Older Children should use car booster seats until just before they become teens. Exactly when you should take your child out of a booster depends on his or her size. There are sound safety reasons for using a booster seat in Georgia.
Some parents can’t wait to get their children out of booster seats. This may be a mistake. Although adult seat belts protect passengers during crashes, they can harm smaller children during accidents.
Seat belts are designed with adults in mind. They don’t hold children securely. Children who use a booster seat cut their chance of suffering a crash-related injury by 45 percent, states the Baby Center. The booster seat does what its name suggests it is intended to do. It boosts your child high enough for the car’s lap and shoulder belts to restrain the child safely.
In the absence of a booster seat, a seat belt can be damaging to a child. The lap belt is likely to rest on a child’s stomach without a booster seat. During a wreck, the child could suffer liver, spleen, or stomach damage due to damage caused by the belt.
If a shoulder belt rests against the neck of a child rather than the chest. It may end up under the child’s arm where it can damage ribs and internal organs in the event of a car crash.
The National Highway Traffic Safety Administration recommends that all children who outgrow an infant car seat continue to use a booster seat for a number of years, specifically:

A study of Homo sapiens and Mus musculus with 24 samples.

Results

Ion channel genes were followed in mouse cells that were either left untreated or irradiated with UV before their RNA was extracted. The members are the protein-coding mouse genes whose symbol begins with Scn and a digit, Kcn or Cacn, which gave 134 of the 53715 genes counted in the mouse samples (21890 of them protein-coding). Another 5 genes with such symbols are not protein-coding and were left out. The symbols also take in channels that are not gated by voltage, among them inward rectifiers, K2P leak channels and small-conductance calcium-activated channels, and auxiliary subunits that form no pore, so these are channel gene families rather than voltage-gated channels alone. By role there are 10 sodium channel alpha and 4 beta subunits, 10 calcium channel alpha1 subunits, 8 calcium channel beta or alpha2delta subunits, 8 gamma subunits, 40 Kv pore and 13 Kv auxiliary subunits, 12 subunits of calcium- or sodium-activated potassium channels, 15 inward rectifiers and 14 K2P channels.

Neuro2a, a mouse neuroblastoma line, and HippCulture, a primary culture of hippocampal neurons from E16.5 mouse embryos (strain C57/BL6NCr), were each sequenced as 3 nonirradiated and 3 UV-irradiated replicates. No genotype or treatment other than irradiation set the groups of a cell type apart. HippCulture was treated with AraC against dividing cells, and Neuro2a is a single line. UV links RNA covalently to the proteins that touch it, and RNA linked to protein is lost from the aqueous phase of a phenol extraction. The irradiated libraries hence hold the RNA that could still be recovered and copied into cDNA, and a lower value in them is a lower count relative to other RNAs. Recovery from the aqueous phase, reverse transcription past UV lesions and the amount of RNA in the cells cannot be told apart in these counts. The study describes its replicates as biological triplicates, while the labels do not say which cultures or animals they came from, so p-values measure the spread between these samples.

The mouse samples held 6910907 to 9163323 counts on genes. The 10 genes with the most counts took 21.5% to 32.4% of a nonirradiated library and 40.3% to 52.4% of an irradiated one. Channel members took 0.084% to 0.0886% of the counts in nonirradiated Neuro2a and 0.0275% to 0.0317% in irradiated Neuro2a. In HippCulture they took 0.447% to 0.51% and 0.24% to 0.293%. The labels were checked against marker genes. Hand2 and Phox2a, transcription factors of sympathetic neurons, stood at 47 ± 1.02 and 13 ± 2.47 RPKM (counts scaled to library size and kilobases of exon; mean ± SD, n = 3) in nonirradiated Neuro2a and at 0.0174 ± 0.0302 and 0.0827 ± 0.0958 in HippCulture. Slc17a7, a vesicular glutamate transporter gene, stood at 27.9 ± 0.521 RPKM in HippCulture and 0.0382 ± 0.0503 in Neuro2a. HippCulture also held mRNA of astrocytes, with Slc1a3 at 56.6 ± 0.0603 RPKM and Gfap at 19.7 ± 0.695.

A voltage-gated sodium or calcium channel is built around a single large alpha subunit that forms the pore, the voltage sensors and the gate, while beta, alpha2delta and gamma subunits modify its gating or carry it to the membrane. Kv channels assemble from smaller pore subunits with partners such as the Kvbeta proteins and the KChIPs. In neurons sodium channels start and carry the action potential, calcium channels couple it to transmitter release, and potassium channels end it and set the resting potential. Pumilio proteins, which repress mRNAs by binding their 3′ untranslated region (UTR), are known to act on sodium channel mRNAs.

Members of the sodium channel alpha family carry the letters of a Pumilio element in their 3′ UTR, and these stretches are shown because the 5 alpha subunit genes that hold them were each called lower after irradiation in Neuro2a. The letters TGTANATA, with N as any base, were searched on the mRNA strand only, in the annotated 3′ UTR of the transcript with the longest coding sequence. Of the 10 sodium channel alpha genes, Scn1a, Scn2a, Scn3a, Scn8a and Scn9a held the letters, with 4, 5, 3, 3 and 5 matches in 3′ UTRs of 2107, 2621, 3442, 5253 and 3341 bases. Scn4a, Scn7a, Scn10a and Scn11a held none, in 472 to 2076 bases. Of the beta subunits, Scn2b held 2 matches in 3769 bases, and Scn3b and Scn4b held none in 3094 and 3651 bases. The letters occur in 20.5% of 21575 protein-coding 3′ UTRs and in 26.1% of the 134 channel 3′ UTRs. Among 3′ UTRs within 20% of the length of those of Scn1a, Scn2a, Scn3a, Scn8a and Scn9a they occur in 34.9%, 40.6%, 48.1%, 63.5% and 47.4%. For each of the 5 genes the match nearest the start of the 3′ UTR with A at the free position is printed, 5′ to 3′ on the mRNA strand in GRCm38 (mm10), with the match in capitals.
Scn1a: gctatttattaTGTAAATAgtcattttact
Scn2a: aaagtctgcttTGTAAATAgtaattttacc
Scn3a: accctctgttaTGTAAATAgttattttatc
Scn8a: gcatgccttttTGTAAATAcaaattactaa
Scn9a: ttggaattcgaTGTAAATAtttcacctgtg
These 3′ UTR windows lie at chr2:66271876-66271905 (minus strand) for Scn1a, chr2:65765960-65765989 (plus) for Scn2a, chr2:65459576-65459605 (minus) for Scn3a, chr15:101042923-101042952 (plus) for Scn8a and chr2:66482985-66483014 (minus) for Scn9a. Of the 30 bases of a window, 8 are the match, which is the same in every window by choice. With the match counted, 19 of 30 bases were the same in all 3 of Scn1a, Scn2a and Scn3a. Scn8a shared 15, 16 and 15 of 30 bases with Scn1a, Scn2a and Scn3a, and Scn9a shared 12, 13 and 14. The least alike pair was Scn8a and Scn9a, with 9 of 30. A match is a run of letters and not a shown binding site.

- Until they are at least 8-years-old and 4 feet 9 inches tall.
- They have outgrown the manufacturer’s height and weight recommendations for the booster seat they are using;
- A child should only use a regular seat belt when he or she can keep their back against the car seat, their knees bend over the edge of the car seat, and their feet are able to stay flat on the floor of the car.
All 50 states have child restraint laws but the specific laws vary from state to state, according to the Insurance Institute for Highway Safety.
In Georgia, a child restraint must be used for children seven years and younger who are 57 inches tall or less. Children over 57 inches tall can use an adult seat belt. Children 7-years-old and younger must be in the rear seat where this is possible in Georgia.
As a rule of thumb, you should use a booster seat in Georgia as long as possible. It’s worth noting that in Georgia, children weighing over 40 pounds are allowed to be restrained in the back seat of a vehicle by a lap belt when a car, van or truck is not equipped with lap and shoulder belts or if the lap and shoulder belts are being used by other children who weigh more than 40 pounds.
The most crucial consideration when you are switching between types of restraining systems in Georgia is the weight and the height of a child. Until a child is 57 inches high, a seatbelt will not fit the child correctly, no matter his or her age. Using an adult safety belt may be dangerous.
Accidents and injuries involving children are heartbreaking for family members. Wearing a booster seat won’t guarantee your child’s safety but It will lessen the odds of serious injury.
If your child has been injured due to the fault of another driver, please call our Georgia accident attorneys today at (404) 913-1529.